President Ronald Reagan once said, “The nine most terrifying words in the English language are: ‘I’m from the government, and I’m here to help.’”
Those words couldn’t ring truer today as President Joe Biden recently introduced the American Families Plan, a $1.8 trillion taxpayer-funded proposal that would radically undermine American families instead of help them. It would leave families with less control over their lives while failing to solve real problems Americans face in child care, education, health care, and welfare—problems the proposal alleges to address.
For years, I’ve spoken up about what I call the unintended consequences of liberals’ misguided compassion. Practically every big-government social program that liberals have instituted in America has ended up doing more harm to the people they’ve claimed they were trying to help. I know because I lived that experience as a child, and I’ve witnessed it every day in black communities in the six decades since. The American Families Plan fits into this category.
Let’s look at some of what the left says it wants to achieve and what the plan would actually do.
The left says the plan will provide a government-paid family leave program for employees who need extended paid time off for family issues.
What the plan would actually do is create a one-size-fits-all government program that would be more restrictive and less generous than existing employer-provided programs. Instead of simple, flexible, employer-provided programs, employees would be at the mercy of a federal bureaucracy with rigid eligibility requirements and waiting periods before they could access benefits.
And such a program isn’t needed. After the 2017 tax cuts and regulatory reductions, more money was left in the coffers of private sector employers, and many used those dollars to provide family leave to employees. In fact, the percentage of companies offering paid leave has more than doubled, to 55% offering maternity leave and 45% providing paternity leave. As more employers offer such competitive benefits, others are sure to follow suit.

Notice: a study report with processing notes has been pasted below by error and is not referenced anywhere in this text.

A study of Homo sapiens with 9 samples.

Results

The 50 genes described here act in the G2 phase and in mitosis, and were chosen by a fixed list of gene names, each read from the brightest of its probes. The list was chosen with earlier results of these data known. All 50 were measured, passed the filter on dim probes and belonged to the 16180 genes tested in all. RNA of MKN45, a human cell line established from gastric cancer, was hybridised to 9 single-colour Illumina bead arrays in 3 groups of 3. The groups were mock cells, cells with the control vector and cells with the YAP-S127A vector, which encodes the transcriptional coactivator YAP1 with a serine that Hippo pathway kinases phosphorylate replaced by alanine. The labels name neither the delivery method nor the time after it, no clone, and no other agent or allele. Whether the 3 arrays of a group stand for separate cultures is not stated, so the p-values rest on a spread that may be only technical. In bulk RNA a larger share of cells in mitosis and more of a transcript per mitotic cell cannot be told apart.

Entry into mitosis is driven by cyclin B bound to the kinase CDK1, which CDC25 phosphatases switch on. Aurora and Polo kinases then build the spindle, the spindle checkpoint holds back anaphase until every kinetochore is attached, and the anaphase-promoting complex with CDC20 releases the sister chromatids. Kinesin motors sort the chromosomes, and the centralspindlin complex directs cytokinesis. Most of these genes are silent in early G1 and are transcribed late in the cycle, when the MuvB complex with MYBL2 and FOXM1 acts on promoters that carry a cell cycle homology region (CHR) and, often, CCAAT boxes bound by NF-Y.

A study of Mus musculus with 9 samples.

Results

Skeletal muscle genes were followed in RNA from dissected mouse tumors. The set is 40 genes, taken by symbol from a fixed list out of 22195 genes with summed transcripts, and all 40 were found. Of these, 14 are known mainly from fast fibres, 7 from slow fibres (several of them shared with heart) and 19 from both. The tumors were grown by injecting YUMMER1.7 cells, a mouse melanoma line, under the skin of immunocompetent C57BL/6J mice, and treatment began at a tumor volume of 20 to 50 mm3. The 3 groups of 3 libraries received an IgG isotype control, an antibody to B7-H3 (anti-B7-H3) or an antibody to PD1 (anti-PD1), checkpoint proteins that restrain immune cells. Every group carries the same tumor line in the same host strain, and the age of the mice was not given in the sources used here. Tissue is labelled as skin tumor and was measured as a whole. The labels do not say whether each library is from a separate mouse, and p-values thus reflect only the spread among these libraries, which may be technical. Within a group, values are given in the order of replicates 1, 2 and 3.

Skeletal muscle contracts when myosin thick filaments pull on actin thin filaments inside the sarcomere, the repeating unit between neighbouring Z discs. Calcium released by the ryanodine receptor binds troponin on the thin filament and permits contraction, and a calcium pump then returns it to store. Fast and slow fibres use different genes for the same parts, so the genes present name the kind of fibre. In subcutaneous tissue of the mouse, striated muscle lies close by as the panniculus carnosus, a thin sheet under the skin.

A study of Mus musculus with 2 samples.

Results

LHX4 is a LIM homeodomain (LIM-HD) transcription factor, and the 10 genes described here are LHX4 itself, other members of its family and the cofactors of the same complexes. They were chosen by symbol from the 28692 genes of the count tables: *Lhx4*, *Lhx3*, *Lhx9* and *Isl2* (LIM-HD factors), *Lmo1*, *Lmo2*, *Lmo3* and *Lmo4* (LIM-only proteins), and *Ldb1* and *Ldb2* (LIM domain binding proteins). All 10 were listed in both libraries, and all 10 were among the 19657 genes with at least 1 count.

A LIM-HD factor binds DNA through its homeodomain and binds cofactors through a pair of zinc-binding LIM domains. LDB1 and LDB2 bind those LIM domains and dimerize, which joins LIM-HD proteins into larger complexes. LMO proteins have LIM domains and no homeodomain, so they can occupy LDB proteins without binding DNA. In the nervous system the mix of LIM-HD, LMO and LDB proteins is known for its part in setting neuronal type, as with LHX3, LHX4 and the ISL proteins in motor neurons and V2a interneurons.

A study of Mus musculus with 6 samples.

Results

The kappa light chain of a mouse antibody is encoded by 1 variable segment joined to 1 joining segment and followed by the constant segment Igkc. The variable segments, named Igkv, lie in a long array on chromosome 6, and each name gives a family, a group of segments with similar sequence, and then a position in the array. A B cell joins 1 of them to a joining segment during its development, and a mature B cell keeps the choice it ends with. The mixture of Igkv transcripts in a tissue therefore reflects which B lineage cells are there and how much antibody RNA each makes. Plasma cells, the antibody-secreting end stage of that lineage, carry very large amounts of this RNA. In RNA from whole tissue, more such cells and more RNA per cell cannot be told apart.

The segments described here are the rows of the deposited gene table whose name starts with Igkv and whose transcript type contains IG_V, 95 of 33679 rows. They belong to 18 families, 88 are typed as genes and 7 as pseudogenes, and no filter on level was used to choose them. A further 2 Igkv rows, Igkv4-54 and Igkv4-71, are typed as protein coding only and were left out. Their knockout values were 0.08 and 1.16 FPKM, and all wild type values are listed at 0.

The left also says the American Families Plan will help working families by providing government-subsidized child care.
What the plan would actually do is add costly new regulations that won’t just drive up child care costs but also limit the supply of care by making it harder for smaller and more flexible providers to operate. The most accessible and best child care used to be provided in churches (I remember how plentiful they were in African American communities), yet the government continues to regulate these wonderful places out of existence.
Moreover, families that make the financial sacrifice to have one parent stay home with young children will be unfairly forced to pay for other families’ child care.
The left also says the president’s plan will provide free universal government-run preschool, which it claims will help children academically far into the future.
What the plan would actually do is spend $200 billion on “free” preschool, even though research shows that government preschool programs consistently fail to live up to their promises and actually can have negative consequences.
A recent U.S. Department of Health and Human Services study shows that the Head Start program (another government preschool program) had little to no impact on the cognitive, social-emotional, and health outcomes of children.
The left also says the American Families Plan will provide a greater safety net for America’s poorest citizens.
What the plan would actually do is discourage welfare recipients from looking for work; discourage marriage; and provide new, much bigger cash payments for families that don’t work at all.
The plan rewards nonworking single parents over those families that are married and working (two key factors for escaping poverty). Under the proposal, a family that chooses not to work would receive almost three times as much in new benefits as a median-income working family.
As the old axiom goes, you get more of what you subsidize. Eliminating incentives for work and marriage would return us to the days when families on welfare were stuck in long-term poverty, when unwed teen births rose year after year, and when intergenerational poverty meant that 1 in 7 children were dependent on welfare.
There are many more parts to the American Families Plan—from community college to health care—and they would all grow the federal government’s control of some of the most personal aspects of family life while failing to respond to the actual needs people have. The plan would also impose significant financial burdens, increasing costs, and taxes when we are desperately trying to recover from the economic devastation of a worldwide pandemic.
If we really want to help families, the administration should abandon this plan and look to policies that actually support families. Eliminating marriage and work penalties in the welfare system, encouraging private sector flexibility in family leave and child care, and offering access to better private health plans are some good places to start.